On Saturday, Central Texans and others from around the state attended a rally on the steps of the Texas Capitol in Austin calling on state leaders to end the government-mandated shut down of the Texas economy and restore citizens’ freedoms.
An advocacy group called the Texas Freedom Coalition was the organizer of the rally.
Speakers at the rally included grassroots activists, current and former legislators, candidates for elected office, and Shelley Luther, who recently made headlines defying authorities in opening her hair salon in Dallas.
“You guys are so awesome. I am so proud of you for standing up for what you believe in,” Luther told the crowd of about 200.
“I think instead of keeping Austin weird, we should keep Austin open.”
In keeping with Luther’s problems of re-opening her business, several speakers called for a rapid opening of the state.
But the more prominent theme was concern about the state’s actions restricting the freedom of Texans.
“You’re here because you have these freedoms,” said Allen West, former Florida congressman and current candidate for chairman of the Republican Party of Texas. “You’re here because you have these liberties. And even still today, there are men and women standing on freedom’s ramparts so that you can have victory.”
West took particular exception to a $295 million contract the state of Texas has awarded for coronavirus contact tracing efforts.
“Victory is not using taxpayer money, $295 million for a 27-month contract to have people come out here and trace us,” he told the crowd.
San Antonian attendee Gregory Switzer was concerned about the government’s efforts to ensure compliance with its orders.
“The mayor of San Antonio has gone completely out of his mind,” he said. “And it’s deliberate. It’s a deliberate practice of social behavior modification.”
He believes that Texans should stand up to such practices.
“They need to just tell officials to get out of their pockets and their lives and go back with their way of life, to open up their businesses and get back to work,” Switzer said.
Another attendee, Elena, came to Texas from Washington state with her husband and daughter. She was born and raised in the Soviet Union. She expressed her disappointment in how Texas has responded to COVID-19.
“We moved here specifically to be more free, to raise our child in a place that is very patriotic,” she said. “I think that Texas could do better and I’m disappointed to see all the bigger cities, what Dallas, San Antonio, Houston, and Austin have done.”
Like others at the event, Elena pointed to the need for citizens to hold their elected officials accountable to the higher laws of our country and state.
“The Constitution matters,” she said. “Each amendment in the constitution is there for a reason, and we need to speak up. I think that people will need to get very active. And I think we have that going on right now.”
Former Dallas area state Senator Don Huffines pointed to Governor Greg Abbott as the primary official who should be held accountable.
“Do you know who’s responsible for the devastation of our economy?” Huffines asked the crown. “More than 2.3 million Texans have filed for unemployment. How we responded in this state came from one man.”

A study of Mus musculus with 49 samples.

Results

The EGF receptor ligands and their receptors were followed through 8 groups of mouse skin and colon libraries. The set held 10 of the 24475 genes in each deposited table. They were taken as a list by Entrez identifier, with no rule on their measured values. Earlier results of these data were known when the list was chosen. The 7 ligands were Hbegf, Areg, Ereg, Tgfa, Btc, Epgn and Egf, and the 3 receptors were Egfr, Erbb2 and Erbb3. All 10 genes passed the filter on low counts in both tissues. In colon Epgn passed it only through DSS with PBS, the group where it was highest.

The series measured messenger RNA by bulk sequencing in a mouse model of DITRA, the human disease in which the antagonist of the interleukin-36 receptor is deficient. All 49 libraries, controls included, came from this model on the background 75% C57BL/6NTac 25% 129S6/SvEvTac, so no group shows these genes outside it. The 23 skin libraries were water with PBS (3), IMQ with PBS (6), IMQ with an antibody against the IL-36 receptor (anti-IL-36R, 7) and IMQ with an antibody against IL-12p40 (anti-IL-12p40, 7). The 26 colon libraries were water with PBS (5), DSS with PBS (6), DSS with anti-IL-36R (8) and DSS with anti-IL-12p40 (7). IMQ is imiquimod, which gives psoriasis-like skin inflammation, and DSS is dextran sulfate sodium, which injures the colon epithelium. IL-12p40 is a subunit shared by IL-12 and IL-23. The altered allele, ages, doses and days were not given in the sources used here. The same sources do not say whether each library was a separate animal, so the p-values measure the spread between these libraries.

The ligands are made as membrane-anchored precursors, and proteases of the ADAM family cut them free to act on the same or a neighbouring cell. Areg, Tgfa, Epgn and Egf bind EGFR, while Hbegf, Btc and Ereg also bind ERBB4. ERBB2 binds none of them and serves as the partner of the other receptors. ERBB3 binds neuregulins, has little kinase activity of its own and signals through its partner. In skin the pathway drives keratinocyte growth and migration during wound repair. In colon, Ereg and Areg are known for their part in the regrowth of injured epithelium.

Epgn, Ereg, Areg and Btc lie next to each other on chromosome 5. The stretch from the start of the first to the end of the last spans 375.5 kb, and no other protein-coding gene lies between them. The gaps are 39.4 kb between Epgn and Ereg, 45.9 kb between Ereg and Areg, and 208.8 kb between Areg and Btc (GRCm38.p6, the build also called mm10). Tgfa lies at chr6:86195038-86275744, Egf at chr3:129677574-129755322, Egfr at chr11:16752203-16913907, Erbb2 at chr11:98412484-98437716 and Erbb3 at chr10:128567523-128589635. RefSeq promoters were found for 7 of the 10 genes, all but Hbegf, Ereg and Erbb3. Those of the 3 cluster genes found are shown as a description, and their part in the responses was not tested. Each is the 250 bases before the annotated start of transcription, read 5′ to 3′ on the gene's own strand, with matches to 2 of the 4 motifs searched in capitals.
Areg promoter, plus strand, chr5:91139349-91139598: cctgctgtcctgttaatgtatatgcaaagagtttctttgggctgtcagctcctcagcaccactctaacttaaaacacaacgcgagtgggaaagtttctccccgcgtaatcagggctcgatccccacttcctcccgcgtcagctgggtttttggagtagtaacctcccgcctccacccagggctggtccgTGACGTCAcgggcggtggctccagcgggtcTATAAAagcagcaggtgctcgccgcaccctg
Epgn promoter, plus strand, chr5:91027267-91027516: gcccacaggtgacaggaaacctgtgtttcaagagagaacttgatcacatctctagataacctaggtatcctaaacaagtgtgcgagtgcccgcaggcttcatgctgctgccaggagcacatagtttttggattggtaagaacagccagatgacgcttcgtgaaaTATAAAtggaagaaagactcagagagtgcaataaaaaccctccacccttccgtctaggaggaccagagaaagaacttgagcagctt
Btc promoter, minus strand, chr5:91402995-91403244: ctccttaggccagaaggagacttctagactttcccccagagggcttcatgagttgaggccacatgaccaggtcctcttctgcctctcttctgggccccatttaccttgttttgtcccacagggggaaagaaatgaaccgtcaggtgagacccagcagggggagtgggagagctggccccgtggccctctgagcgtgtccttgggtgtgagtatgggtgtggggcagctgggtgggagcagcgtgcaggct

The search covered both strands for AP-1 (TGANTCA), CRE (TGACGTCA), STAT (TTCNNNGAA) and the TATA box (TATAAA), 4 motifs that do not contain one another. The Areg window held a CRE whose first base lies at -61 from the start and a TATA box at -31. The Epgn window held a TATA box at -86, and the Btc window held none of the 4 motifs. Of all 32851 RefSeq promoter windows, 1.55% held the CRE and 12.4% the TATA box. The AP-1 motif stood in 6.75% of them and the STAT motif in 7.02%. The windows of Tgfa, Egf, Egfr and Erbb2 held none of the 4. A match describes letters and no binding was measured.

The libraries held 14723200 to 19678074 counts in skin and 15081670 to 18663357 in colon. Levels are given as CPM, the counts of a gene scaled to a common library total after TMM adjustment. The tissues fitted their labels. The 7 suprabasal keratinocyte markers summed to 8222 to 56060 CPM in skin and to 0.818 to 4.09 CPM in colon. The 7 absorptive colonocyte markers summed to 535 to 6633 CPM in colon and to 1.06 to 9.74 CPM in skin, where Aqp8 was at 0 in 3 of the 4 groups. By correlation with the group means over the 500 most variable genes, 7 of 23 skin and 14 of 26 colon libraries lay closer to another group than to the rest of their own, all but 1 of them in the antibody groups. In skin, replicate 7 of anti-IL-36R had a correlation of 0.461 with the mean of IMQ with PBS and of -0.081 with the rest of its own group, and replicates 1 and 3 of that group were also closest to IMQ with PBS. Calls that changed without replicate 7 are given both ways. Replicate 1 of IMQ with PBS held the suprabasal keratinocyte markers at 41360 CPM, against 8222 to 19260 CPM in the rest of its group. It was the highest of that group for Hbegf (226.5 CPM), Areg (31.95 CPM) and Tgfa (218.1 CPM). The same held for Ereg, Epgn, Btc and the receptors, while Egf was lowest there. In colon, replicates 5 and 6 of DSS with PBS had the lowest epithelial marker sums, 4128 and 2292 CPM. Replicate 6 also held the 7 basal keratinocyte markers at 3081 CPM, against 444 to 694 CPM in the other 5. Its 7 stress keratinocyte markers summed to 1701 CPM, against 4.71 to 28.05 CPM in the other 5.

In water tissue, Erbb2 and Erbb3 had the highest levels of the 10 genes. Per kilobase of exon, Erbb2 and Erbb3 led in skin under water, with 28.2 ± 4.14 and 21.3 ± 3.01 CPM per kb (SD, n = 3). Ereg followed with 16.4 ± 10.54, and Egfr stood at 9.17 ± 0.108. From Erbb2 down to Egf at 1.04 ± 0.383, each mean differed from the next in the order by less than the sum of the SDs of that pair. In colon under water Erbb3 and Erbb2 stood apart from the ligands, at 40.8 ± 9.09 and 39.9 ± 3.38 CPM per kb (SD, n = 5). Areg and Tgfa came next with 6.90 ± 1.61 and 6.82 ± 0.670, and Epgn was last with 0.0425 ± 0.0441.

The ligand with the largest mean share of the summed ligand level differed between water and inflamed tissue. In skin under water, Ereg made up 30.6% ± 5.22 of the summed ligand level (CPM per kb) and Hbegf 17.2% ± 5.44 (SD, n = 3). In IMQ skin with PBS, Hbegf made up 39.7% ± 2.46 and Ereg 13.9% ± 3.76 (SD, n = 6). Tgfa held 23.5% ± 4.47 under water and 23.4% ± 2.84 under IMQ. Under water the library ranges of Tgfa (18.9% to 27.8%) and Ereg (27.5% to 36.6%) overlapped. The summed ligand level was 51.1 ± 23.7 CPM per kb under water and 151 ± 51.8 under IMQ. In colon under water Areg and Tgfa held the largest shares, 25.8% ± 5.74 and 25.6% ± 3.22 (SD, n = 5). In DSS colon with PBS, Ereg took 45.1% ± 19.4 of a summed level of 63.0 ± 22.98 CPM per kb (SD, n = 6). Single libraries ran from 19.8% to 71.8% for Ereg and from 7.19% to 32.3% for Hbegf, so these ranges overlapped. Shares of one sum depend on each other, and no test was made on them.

“What did the governor do?” he continued. “He made hundreds of thousands of people dependent on the state.”
State Representative Kyle Biedermann (R-Fredericksburg) pointed to a higher authority that Texans should look to in their fight for liberty.
“I fear God and God is in control. That’s how our country was founded, not because we fear the enemy. But because we knew that we had God-given rights,” he said. “What we don’t hear that much is that God is the one in control of all things and that nothing happens without his notice. It is in God that we live and we move and we exist.”
Motivational speaker Chad Prather linked the lack of fearing God with progressive activism at the ballot box.
“Now we’re seeing the rise of socialism, the rise of anti-God rhetoric, and anti-God practice,” he told the crowd. “And that philosophy has prevailed, not only the United States, but in the state of Texas. There are people who exist to do nothing more than to flip this state blue. And I believe along with you, if we raise our voices and our spirits today, we will say, no, thank you. God bless Texas. God bless America.”
Organizers of the event planned to gather at the Texas governor’s mansion Saturday evening at 6 p.m. to present to Governor Abbott a declaration of his responsibilities under the U.S. and Texas constitutions.
Correction: A previous version of the article misstated that Kevin Whitt was affiliated with the Texas Freedom Coalition, which he was not.
Disclosure: Unlike almost every other media outlet, The Texan is not beholden to any special interests, does not apply for any type of state or federal funding, and relies exclusively on its readers for financial support. If you’d like to become one of the people we’re financially accountable to, click here to subscribe.
Bill Peacock is a writer and public policy consultant in Austin, TX. He has extensive experience in Texas government and policy on a variety of issues, including economic regulation, energy, taxes and budgets, property rights, and corporate welfare. His work has focused on identifying and reducing the harmful effects of regulations on the economy, businesses, and consumers.